April 15, 2014
Becky Shell: Gaining Confidence In Nursing While Giving Back To The Community
VALDOSTA — Becky M. Shell was a sophomore at Lowndes High School when she decided that she wanted to pursue a career in the field of nursing. Just days after graduation, the 21-year-old Valdosta resident began taking classes at Valdosta State University.
“I’ve known my whole life that I wanted to do something in the medical profession,” she said. “I love people, love being around people, and I knew that I wanted to work in a job where I could meet and help people. There are so many opportunities in the nursing profession, so many ways to grow, so much you can do.”
Once accepted into VSU’s College of Nursing and Health Sciences, Shell discovered that she could make a difference in the health and well-being of her fellow citizens sooner rather than later. She even discovered a nonprofit, volunteer-driven health care organization that she hopes to continue working with for many years to come.
Shell spent several weeks working at Tift Regional Medical Center in Tifton, Ga., during the spring semester of 2013, the second semester of her junior year. Eight hours a day, two days a week, she went from department to department, putting the knowledge she learned in the classroom to good use.
“I was able to put my hands on real patients,” she said. “I put in IVs, nasogastric or NG tubes, catheters. I administered shots and medication and provided other basic nursing care. My favorite part was the gastrointestinal or GI lab. I got to focus on one patient at a time and really see how things work in a hospital.”
Shell also spent one day working with the Partnership Health Clinic, a free primary health care facility maintained by the Lowndes County Partnership for Health and staffed by physicians, physician extenders, and nurses who offer their time — and talents — without compensation to serve the needs of the working uninsured. She ran triage, calling patients back from the waiting room, checking their vital signs, and gathering information before sending them to an exam room. She also helped with paperwork and readied exam rooms for the next patient.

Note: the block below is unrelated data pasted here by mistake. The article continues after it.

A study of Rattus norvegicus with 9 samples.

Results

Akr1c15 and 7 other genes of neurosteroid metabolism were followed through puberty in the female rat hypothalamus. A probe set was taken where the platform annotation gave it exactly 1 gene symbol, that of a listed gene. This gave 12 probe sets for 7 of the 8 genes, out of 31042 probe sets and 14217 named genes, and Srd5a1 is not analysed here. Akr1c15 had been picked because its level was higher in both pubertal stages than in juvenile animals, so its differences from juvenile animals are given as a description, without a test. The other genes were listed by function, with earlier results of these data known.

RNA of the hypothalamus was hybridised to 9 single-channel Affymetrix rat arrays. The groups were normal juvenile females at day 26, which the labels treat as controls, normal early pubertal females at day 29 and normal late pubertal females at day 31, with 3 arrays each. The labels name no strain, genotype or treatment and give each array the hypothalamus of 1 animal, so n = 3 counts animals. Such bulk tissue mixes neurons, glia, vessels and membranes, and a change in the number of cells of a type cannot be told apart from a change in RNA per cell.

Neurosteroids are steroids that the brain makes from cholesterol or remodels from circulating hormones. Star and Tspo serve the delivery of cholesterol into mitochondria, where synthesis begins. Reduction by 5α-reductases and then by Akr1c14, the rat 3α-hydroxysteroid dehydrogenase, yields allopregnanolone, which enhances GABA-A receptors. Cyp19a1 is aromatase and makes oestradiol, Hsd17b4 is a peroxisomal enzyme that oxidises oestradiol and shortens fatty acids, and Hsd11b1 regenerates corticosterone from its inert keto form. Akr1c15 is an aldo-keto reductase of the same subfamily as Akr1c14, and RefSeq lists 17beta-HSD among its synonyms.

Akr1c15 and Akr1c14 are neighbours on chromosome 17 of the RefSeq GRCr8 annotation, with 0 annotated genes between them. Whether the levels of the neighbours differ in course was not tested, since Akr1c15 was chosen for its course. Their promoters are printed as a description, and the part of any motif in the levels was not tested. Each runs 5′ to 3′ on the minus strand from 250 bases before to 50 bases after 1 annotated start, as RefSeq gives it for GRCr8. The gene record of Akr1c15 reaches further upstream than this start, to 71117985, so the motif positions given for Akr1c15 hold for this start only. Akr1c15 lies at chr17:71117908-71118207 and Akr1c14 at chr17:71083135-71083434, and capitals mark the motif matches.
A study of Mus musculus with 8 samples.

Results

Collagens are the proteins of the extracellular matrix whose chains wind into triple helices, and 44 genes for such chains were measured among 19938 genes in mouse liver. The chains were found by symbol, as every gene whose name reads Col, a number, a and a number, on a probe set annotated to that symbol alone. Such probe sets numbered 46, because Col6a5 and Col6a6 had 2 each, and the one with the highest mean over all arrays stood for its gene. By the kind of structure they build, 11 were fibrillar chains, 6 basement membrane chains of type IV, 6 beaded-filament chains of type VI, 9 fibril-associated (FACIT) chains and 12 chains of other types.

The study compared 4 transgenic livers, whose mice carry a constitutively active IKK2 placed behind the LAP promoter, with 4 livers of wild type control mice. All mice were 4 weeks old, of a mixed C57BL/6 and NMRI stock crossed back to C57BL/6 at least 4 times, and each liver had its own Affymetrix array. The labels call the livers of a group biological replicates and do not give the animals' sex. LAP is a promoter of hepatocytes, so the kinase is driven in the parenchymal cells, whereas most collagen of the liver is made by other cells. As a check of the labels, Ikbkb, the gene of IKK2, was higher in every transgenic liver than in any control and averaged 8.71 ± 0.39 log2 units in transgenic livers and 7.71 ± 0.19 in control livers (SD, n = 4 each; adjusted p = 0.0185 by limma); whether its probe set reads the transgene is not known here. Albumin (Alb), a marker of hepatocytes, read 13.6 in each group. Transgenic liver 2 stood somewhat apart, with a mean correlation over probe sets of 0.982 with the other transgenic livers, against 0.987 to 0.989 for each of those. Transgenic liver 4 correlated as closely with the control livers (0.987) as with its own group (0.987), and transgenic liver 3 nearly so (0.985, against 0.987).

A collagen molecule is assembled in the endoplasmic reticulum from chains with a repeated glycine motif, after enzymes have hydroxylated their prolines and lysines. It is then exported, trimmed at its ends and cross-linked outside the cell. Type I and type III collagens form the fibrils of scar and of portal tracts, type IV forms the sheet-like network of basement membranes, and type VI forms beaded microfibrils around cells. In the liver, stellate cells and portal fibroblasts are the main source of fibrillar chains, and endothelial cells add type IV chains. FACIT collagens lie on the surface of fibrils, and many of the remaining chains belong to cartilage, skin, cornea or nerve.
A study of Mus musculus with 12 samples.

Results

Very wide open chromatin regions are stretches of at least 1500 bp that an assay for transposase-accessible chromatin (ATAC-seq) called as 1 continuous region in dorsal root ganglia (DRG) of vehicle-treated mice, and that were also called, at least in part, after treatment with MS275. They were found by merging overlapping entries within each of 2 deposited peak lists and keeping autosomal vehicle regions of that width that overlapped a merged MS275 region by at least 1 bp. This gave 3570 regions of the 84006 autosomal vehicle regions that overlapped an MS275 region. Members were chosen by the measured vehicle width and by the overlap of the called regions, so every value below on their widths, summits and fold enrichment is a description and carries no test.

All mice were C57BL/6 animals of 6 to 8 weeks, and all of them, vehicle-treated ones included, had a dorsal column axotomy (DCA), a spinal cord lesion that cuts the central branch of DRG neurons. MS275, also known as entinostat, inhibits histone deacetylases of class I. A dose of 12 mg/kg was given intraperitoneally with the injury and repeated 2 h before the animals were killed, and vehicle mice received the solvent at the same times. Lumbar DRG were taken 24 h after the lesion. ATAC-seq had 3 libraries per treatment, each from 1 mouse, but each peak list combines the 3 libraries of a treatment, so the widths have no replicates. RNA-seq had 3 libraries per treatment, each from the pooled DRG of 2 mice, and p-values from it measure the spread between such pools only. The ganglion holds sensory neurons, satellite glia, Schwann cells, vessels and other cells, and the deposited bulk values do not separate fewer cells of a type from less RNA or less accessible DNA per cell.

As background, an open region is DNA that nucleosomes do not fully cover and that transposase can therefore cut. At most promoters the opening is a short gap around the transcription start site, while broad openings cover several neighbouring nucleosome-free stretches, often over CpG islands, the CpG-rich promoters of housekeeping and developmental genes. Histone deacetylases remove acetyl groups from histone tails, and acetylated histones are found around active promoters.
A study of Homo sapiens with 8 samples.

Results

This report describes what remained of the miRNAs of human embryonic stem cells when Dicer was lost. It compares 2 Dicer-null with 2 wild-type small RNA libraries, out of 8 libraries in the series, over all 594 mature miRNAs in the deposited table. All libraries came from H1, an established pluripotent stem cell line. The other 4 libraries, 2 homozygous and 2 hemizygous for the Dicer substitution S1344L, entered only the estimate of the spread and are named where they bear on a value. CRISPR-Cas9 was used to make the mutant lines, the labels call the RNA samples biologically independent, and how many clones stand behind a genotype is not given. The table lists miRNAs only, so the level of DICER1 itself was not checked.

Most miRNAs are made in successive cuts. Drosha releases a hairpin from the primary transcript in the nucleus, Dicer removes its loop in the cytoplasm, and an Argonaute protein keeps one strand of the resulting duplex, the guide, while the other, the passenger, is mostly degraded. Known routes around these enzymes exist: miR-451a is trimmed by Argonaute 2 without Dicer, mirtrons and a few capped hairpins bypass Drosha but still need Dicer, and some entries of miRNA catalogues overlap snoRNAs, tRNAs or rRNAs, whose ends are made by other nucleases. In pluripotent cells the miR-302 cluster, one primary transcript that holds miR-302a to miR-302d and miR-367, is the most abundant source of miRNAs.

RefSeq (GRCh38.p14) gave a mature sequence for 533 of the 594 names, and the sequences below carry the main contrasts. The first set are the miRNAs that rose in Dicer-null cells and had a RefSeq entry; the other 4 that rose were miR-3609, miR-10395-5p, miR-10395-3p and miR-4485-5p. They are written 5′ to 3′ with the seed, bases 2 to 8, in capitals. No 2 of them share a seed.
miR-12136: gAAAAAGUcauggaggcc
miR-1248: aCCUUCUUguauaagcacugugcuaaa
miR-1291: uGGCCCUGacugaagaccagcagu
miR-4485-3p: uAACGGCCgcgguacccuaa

Looking for somewhere to volunteer her time the following summer, Shell returned to the Partnership Health Center.
“It is such a great place, and the team does all kinds of wonderful things for people who don’t have insurance. The doctors and nurses care so much about these people and will do whatever they can to help them out, like hook them up with resources, educate them as best they can. I am blessed to have insurance and be able to go to the doctor. These people are on a waiting list to get into this clinic for three months, and they do not complain.
“I learned a lot about how medical billing works and about pharmacology, and I discovered other services available in this community. I learned how to talk to people and how to listen. It was a more in-depth experience, and it gave me much more confidence. Any time I had a question, it was answered. It was an amazing learning opportunity because the staff was eager to teach me, and they allowed me to enter exam rooms and view procedures. I got to see people willing to give of their time because they really care about helping other people — which is the reason I entered nursing school. It was great.”
The following fall semester, Shell spent several weeks working in more critical areas at South Georgia Medical Center, including intensive care and surgery. She also had a chance to work in the labor and delivery, nursery, and postpartum areas and see a new baby enter the world.
“Right now I’m learning the basics of what I need to carry on in my career. Once I get into that career,” added Shell, who is spending her final semester working alongside a preceptor at an area health care facility, “I know I will start learning new skills and getting more advanced as I practice. Gaining confidence is a biggie. I know I have the know-how, but sometimes my hands are shaking as I do what I need to do, but I do it anyway. I tell myself that I can do it — and then I do it.”
Shell expects to graduate with a Bachelor of Science in Nursing (B.S.N.) on May 10. She hopes to further her education, become a family nurse practitioner, and work in public health.